Supporting Reading at Home

At Fairview we strongly believe that it is so important for teachers and parents to work together to support children in their learning, both at school and at home.


Reading with your child at home is one of the simplest but most important ways you can help your child. As you share books, you are helping improve your child’s reading skills, vocabulary, and comprehension, but also showing them how important and enjoyable reading is.


We follow the Oxford Owl reading scheme in line with our ELS phonics scheme (see here for more information on phonics). We also use books from Big Cat and Word Sparks which are also in line with the ELS scheme. All ranges of books include fiction and non-fiction texts with a variety of different themes and reoccurring characters.


Our aims for children’s reading are:

To engender a passion and love for reading within children, who become both independent and reflective readers and who can read fluently and for meaning. Throughout the Reading curriculum, children will be exposed to wide ranging and diverse texts that will develop their knowledge of themselves and the world around them, enable them to establish an appreciation of reading and the richness of vocabulary, to gain extensive knowledge across the curriculum and develop their comprehension skills. We are committed to providing children opportunities to be exposed to high-quality texts that are language-rich, which will support children in understanding what they have read and to express themselves as mature, sophisticated learners. 

Top Tips for Parents Reading at Home KS1 & KS2:

  • Keep reading with your child short – you don’t need to read a whole book or chapter at once.
  • Taking it in turns to read the story. Some of our books have pages for adults to read, as well as your child.
  • Sit close together. You can rest the book on a table and your child can use their finger to point to each word, or they can hold the book themselves.
  • Give your child time to sound out each word if they need to. They might need to do this more than once for the same word, but this is all practise.
  • Be sure to give lots of praise to encourage your child with their reading.
  • Can your child guess what the book is about using the title and front cover of the book? Use the pictures to help with these predictions.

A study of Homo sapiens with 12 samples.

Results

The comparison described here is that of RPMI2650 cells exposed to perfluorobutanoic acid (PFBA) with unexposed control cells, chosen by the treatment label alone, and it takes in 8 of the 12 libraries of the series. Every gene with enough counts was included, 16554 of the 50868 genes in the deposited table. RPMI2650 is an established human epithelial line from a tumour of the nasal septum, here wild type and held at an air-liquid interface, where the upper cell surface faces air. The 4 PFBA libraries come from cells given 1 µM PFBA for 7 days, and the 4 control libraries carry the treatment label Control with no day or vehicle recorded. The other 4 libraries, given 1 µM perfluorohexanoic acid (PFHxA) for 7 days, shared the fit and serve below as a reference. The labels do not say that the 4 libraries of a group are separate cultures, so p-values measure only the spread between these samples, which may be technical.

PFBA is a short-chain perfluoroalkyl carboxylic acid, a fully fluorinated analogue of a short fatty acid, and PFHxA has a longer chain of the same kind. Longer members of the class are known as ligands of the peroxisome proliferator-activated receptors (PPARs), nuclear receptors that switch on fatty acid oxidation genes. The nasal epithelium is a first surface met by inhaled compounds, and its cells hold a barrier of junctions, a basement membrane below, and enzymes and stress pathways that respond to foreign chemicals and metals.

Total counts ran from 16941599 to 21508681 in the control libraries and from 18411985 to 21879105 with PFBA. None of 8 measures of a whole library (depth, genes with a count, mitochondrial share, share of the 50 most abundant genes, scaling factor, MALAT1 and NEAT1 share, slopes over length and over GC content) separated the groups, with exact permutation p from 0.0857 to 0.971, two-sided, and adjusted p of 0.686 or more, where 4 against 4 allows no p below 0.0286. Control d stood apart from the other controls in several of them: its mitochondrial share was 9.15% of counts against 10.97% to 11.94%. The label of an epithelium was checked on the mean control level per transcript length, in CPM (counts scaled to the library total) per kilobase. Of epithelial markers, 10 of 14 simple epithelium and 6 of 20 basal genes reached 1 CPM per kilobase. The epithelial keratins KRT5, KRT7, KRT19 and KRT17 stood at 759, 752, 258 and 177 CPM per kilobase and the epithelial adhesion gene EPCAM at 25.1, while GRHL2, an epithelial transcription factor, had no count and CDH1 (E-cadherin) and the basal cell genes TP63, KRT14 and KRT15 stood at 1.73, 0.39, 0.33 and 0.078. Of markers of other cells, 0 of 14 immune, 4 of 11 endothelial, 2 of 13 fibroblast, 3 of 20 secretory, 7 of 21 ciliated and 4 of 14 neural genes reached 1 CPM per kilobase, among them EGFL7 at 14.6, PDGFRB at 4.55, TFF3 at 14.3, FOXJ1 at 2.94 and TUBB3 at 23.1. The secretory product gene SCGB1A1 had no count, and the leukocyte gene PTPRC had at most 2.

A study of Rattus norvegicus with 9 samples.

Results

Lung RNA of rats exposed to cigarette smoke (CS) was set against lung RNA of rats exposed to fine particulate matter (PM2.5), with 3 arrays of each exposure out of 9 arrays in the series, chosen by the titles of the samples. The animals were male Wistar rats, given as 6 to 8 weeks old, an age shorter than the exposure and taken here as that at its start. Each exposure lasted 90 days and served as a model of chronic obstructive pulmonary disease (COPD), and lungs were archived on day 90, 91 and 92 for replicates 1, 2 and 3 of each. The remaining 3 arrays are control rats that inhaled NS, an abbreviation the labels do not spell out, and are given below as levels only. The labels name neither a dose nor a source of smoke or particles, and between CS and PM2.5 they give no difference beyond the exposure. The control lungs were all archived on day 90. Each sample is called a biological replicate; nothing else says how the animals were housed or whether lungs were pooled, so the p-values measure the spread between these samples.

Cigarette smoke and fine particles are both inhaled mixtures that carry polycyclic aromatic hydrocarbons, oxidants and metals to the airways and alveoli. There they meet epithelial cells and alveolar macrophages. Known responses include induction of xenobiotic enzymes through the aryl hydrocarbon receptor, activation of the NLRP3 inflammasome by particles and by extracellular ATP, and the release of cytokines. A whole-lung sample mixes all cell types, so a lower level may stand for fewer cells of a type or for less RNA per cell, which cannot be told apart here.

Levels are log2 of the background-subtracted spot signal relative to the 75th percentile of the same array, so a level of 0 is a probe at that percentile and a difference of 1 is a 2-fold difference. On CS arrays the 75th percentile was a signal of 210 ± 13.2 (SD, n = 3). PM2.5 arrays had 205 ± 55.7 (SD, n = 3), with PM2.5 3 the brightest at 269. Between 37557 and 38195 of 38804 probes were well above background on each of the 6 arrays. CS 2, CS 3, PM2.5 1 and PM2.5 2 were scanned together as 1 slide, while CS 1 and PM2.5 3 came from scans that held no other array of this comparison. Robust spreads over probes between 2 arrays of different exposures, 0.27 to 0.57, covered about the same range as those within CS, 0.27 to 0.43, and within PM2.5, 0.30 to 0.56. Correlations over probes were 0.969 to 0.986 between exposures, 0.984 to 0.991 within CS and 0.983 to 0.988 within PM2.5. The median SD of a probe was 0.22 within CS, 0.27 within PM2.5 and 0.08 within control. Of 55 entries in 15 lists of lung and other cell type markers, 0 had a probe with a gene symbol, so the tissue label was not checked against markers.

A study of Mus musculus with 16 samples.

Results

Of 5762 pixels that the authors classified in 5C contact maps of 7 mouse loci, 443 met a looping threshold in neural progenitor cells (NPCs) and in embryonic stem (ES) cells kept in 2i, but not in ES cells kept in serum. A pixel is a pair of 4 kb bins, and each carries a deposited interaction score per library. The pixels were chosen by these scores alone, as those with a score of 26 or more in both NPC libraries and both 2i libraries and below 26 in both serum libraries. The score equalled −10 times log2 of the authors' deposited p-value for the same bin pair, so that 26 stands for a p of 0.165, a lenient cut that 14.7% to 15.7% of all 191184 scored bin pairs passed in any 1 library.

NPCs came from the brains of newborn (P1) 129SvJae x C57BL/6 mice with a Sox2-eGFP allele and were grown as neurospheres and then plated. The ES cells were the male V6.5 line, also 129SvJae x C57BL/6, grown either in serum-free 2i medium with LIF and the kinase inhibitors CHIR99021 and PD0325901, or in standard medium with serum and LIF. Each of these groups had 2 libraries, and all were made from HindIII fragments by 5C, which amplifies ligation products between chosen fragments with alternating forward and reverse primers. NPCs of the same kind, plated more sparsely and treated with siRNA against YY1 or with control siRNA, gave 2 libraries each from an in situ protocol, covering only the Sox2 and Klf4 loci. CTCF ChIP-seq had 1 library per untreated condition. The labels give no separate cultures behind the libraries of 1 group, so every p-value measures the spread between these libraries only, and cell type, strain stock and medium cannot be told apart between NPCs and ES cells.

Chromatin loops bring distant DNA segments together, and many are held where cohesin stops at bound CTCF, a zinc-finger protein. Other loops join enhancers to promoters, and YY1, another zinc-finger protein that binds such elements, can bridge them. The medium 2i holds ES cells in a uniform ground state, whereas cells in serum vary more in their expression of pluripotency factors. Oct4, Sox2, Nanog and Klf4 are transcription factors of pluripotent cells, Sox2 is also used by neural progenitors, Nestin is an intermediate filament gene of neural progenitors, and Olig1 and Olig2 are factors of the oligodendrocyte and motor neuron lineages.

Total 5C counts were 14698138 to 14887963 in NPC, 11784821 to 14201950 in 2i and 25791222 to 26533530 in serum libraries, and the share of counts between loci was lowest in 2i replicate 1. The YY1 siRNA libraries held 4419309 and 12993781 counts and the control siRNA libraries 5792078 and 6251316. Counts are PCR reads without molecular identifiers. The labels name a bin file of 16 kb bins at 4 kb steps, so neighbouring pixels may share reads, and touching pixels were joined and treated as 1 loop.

• Ask questions to check your child’s understanding (see below for examples).
  • Talk about the book afterwards – did your child enjoy it? Why? What was the best bit? If you read a non-fiction book, did they learn anything new? Can they share any facts with other members of their family?
  • Be a good model for your children. Let them see you reading – anything and everything – newspapers, magazines, catalogues, books etc. Let them know that reading is a valuable skill. A bedtime story is also a lovely way for your child to hear you read. You could also try audiobooks (even in the car) – you are still sharing a story together. Sharing stories together stimulates conversations that you might not otherwise have.
  • If your child doesn’t want to read, make sure you still read to them as much as possible. Also, be sure to mention it to your class teacher.


Additional KS2 Tips:

What books do I choose?

  • Start with topics that interest your child (space, humour, dinosaurs, sport).
  • The self-selection, self-interest factor is important – let children read what interests them.
  • See the recommended reading lists on our school’s reading page – found here.
  • Ask a librarian or your child’s teacher for recommendations.

Helpful Question Prompts

To help check that your child understands what they are reading, these bookmarks are a great prompt for questioning. Cut out the shapes and stick them back-to-back. Whilst reading with your child, try to choose one question from each section. You could ask more than one type of question per page. This will really support your child's reading at home.